Joining my sister at the emergency room for an issue with her son was an enlightening moment. The ER doctor walked in, reviewed some historical records on my nephew and began asking questions. As any mother would do, my sister gave the doctor a wealth of information, both relevant and not so relevant, to the current situation. It was the doctor’s job to filter the information and determine what was truly important and helpful. He kept pressing for more information and grilling my sister for clarification on even the smallest comment, which to her may have seemed inconsequential, but to him was significant.

I couldn’t help but realize that this scenario is repeated quite often in our world of oil analysis, with a few changes in characters. In oil analysis, the patient is a machine. More specifically, it is a component of something larger. The end user has the vested interest in the health of the component, and the person evaluating the oil sample data is the doctor.

Example of an Oil Analysis Program Strategy

A survey of 3,000 rotating assets showed that there were 1,500 oil-filled components (including pumps, gearboxes, hydraulic and lube oil reservoirs). In theory, there could be 1,500 oil samples collected at some interval. Studies showed that this was not financially feasible, and therefore the following criticality-based strategy was implemented:

In the case of evaluating oil sample data, it is important to realize that few problems can be resolved based on a single data set or a single test. Like the doctor in the ER, an oil analyst needs to have some historical data on the component being checked. This means the analyst must know the right questions to ask and have the ability to hear what is being said, not just listening to the words.

One of the first questions to ask when reviewing oil analysis data is, “What is the objective of the plant for this specific component?” It is fully possible and often quite warranted to have a different oil analysis strategy for different components assigned to the oil analysis program. The appropriate oil analysis strategy should be assigned based on component criticality. During the development of component criticality, a whole new set of issues arises, including:

• Health, safety and environmental effects if failure occurs
• Production loss impact due to failure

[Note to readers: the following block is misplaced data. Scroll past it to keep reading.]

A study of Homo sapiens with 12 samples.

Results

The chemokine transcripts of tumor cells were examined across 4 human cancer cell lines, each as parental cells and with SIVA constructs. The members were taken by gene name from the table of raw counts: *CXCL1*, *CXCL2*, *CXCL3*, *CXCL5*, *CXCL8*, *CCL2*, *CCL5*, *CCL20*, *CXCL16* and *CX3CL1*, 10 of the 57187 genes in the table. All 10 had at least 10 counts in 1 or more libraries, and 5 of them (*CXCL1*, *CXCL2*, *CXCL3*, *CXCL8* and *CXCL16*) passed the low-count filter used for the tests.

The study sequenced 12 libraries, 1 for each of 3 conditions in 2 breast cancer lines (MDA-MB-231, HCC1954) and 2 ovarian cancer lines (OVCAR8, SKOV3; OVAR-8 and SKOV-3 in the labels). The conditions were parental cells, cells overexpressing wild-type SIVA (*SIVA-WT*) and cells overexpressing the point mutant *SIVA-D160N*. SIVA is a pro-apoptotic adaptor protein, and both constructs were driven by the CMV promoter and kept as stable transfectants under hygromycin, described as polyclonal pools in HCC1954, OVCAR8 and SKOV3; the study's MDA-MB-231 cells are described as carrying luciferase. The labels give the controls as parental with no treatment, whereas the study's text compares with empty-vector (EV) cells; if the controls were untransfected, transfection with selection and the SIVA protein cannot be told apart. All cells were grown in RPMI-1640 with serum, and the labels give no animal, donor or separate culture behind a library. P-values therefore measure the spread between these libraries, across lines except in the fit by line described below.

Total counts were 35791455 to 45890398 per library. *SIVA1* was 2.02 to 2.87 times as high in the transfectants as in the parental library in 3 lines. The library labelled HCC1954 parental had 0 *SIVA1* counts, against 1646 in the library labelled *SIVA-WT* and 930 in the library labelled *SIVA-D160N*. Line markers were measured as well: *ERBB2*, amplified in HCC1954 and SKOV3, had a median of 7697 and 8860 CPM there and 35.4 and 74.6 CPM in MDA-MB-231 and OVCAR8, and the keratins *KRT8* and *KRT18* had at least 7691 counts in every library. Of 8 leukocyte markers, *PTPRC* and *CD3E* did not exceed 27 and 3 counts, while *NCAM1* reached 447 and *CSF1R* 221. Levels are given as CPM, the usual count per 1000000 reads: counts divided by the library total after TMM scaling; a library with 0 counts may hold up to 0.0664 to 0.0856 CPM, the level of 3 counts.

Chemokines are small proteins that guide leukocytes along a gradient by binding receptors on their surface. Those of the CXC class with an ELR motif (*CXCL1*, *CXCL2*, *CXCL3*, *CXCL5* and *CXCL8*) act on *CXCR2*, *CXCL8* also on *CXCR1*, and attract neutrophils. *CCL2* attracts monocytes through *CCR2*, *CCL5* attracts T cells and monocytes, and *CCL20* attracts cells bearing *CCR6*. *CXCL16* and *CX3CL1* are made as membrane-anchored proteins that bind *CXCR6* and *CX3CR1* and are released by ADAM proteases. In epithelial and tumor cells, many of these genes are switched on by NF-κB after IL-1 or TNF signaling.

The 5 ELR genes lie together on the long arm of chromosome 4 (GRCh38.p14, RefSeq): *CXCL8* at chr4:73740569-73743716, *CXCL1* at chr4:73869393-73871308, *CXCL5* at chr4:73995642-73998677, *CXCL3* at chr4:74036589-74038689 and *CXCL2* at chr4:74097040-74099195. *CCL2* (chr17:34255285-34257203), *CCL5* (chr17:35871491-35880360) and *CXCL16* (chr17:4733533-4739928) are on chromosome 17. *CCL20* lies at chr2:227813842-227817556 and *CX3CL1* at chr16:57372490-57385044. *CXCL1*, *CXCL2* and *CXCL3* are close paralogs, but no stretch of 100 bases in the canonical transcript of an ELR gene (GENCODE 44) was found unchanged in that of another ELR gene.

• Potential costs of repair due to failure
• Historical mean time between failures (MTBF)
• Effectiveness of early warning systems

Understanding component criticality is absolutely vital in establishing an appropriate oil analysis strategy. I was recently in a mill where components were added to the oil analysis program on an ad-hoc basis. In short, if a component failed, it was then added to oil analysis. At another mill, the maintenance manager wanted all oil-filled components to go through oil analysis. Obviously, neither of these strategies will end with the desired result, which should be early identification of potential failure using a proven method to cost effectively monitor equipment condition.

Test Slate and Test Interval

The next question to be asked should be, “Is the current test slate and test interval capable of supplying the information we need to meet the plant objectives for this component?”

When developing an oil analysis strategy, we must consider two primary components: test slate and test interval. Both of these components may change depending on the strategy taken.

Some of the best oil analysis programs utilize a hybrid approach of on-site and off-site testing. In future columns, we will explore how to develop oil analysis strategies and form a cost benefits analysis for both approaches.

In summary, there is no blanket strategy for oil analysis. The goal is to exercise a method by which a well-developed oil analysis program can be implemented and maintained. In doing so, the right questions need to be asked with relevant information being supplied to the analyst of the data, whether that analyst is on-site or remote. Once this takes place, we can ensure the program will be in a better position to achieve the desired results at an affordable cost.

By the way, my nephew ended up doing well after his ER visit. If we get it right, our machines can survive simply through the routine visits.